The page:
More readers are reporting in that they too detected the bad smell wafting through the Westside. Author Deanne Stillman writes that it was all over Venice and Marina del Rey yesterday. Another correspondent emails:
Experienced this in Venice yesterday - couldn't find the source. Smelled it early morning (2 AM) through mid-morning.
I caught a whiff tonight on the drive home from work. The entire drive. From the Miracle Mile to at least Los Feliz/Silver Lake (luckily, it hasn't made it to Glendale yet). I chalked it up to my imagination -- or perhaps a lingering effect of Tuesday's freak thunderstorm.
Lovely Mar Vista Hill has escaped the plague so far. Plus: A staffer at the KCRW program Which Way, L.A.? picked up the odor Sunday night south of Brentwood, and Mark & Brian took calls about it this morning on KLOS. * 10:45 am update: An emailer says the anchors on last night's Channel 2 News at 11 mentioned calls from Santa Monica to Eagle Rock and speculated on coastal red tide as a cause. Seems like a stretch so far inland. Meanwhile, there's this: "It smelled odd outside in Echo Park last night, I just thought it was the stale cat food. Hadn't heard about the creeping stench." And from the Greater Grove area:
Yes, the stench was everywhere in the Park La Brea area last night. It was so stinky I shut my windows. Rather moldy or rotten smell...thought it was the tree outside my house.
Cynthia writes from the Eastside:
I could smell something foul all the way east in Monterey Park (on the border of East L.A.). This was at midnight.
Author Denise Hamilton picked it up too:
I had dinner in West LA, then did an event at the Rancho Park/Palms library Tuesday night and noticed the stench as I walked around with author Naomi Hirahara. It was also on I-10, where we got on at Overland and headed east. I could smell it with the windows closed and the air on. It smelled faintly like sewage, an overflowing toilet. There must be something broken underground. Get the City San workers on it! It can't be red tide, that's ridiculous.
This from near the beach:
I ran some errands in Santa Monica yesterday at Wilshire and Euclid and thought some rain water must have gotten in my car because it smelled kind of musty as I drove down there. But when I got out, I realized that the smell was outside, too. Then I started to hope I wasn't just getting sick and my senses were out of whack. Glad to know I wasn't the only one who noticed.
Hmm, Santa Monica got it bad. Maybe there's something to the red tide idea:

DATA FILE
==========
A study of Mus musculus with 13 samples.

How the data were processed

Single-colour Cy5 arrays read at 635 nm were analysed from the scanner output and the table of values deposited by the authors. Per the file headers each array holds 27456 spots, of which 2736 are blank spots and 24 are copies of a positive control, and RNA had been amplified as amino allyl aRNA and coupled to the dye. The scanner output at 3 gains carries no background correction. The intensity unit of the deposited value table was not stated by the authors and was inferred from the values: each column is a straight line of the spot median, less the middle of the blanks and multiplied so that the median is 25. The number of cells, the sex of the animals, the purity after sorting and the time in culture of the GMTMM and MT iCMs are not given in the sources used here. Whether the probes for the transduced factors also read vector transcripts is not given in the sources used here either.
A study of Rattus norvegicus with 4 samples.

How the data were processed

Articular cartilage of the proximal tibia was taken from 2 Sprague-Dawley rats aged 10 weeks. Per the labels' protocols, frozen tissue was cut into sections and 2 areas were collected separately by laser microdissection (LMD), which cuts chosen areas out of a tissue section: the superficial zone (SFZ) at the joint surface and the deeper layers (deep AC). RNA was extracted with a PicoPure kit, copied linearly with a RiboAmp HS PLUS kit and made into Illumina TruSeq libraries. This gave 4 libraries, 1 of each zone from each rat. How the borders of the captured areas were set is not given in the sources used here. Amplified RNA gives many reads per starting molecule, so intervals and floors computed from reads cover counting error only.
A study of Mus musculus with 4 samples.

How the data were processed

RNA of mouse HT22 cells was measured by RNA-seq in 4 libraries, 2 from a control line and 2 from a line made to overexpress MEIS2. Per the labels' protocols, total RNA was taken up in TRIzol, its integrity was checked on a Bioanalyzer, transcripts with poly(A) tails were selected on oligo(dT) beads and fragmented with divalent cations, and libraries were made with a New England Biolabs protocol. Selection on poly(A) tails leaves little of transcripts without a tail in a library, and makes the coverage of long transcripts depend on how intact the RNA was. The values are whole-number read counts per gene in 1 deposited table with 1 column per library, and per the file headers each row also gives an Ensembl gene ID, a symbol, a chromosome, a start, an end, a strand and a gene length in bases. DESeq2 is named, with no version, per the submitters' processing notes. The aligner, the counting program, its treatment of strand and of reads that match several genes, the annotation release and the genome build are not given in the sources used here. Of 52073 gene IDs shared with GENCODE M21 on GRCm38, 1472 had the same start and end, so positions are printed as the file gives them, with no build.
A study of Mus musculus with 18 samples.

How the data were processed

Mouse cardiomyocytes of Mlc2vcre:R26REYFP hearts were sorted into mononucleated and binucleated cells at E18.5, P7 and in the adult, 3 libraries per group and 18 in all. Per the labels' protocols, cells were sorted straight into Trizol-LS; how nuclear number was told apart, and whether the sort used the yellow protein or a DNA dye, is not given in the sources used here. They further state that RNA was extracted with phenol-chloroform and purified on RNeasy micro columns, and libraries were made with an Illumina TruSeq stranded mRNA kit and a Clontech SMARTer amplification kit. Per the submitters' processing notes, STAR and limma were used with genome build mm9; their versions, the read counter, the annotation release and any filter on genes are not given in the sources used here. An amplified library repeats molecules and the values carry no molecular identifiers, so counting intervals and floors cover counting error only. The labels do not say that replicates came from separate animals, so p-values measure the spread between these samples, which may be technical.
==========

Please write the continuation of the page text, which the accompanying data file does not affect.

I thought I was losing my mind until I saw your Stench blog today. Monday night in Santa Monica was brutal. I didn't sleep all night. There were waves of it yesterday (Tuesday), but I have not smelled it again today. I figured it must have been a beach odor, but it was worse than that. It was more like garbage. Anyhow, I thought it was just me -- I was looking for news on the LA Times web site and saw nothing. I am glad I saw your blog today -- and even gladder that the stench is nothing serious.
But then, these emails from further east (** and south to Palos Verdes):
hi, i smelled it late last night outside my place in koreatown. i thought it was rotten bul kogi from a nearby korean bbq restaurant or something. a friend and co-worker suspects it's from a farmer john slaughterhouse at vernon ave. and soto st.
Interesting Kevin. I live in Altadena and when I got home last evening, I thought I smelled a strong "mildew" type smell in my neighborhood. Something like if a mattress had been soaked. Don't know if that's the same thing, but it's an interesting coincidence.
In the Valley too.
Hi, Kevin. You probably don't need anymore stench reports but just in case, I smelled it in Encino around 2 a.m. Tuesday morning, right before it started to rain. The wind was blowing too so I imagine it could have come from over the hill with the storm.
Meanwhile, there is the usual warning from the county Department of Health Services to avoid contact with the ocean for several days after the first rain of the season. You don't even want to know what they measure coming down the storm drains, which basically collect runoff from all the pavement for fifty miles inland and funnel it just offshore, where it then washes back up on the beach.
Elevated levels of bacteria may continue for a period of up to 3 days depending upon the intensity of the rain and the volume of runoff. Elevated bacteria levels in ocean water may cause someone to become ill. The Department of Health Services recommends that beach users avoid contact with ocean water, especially near flowing storm drains, creeks and rivers for a period of 3 days after rainfall ends.
Our Iraq correspondent knows the smell. And a resident of Lunada Bay on the Palos Verdes peninsula reports an aroma not unlike spoiled milk: "My wife smelled a stench this morning, which convinced her our dog had pooped in some hidden place. Then she went outside, and it was worse out there, so the dog was exonerated."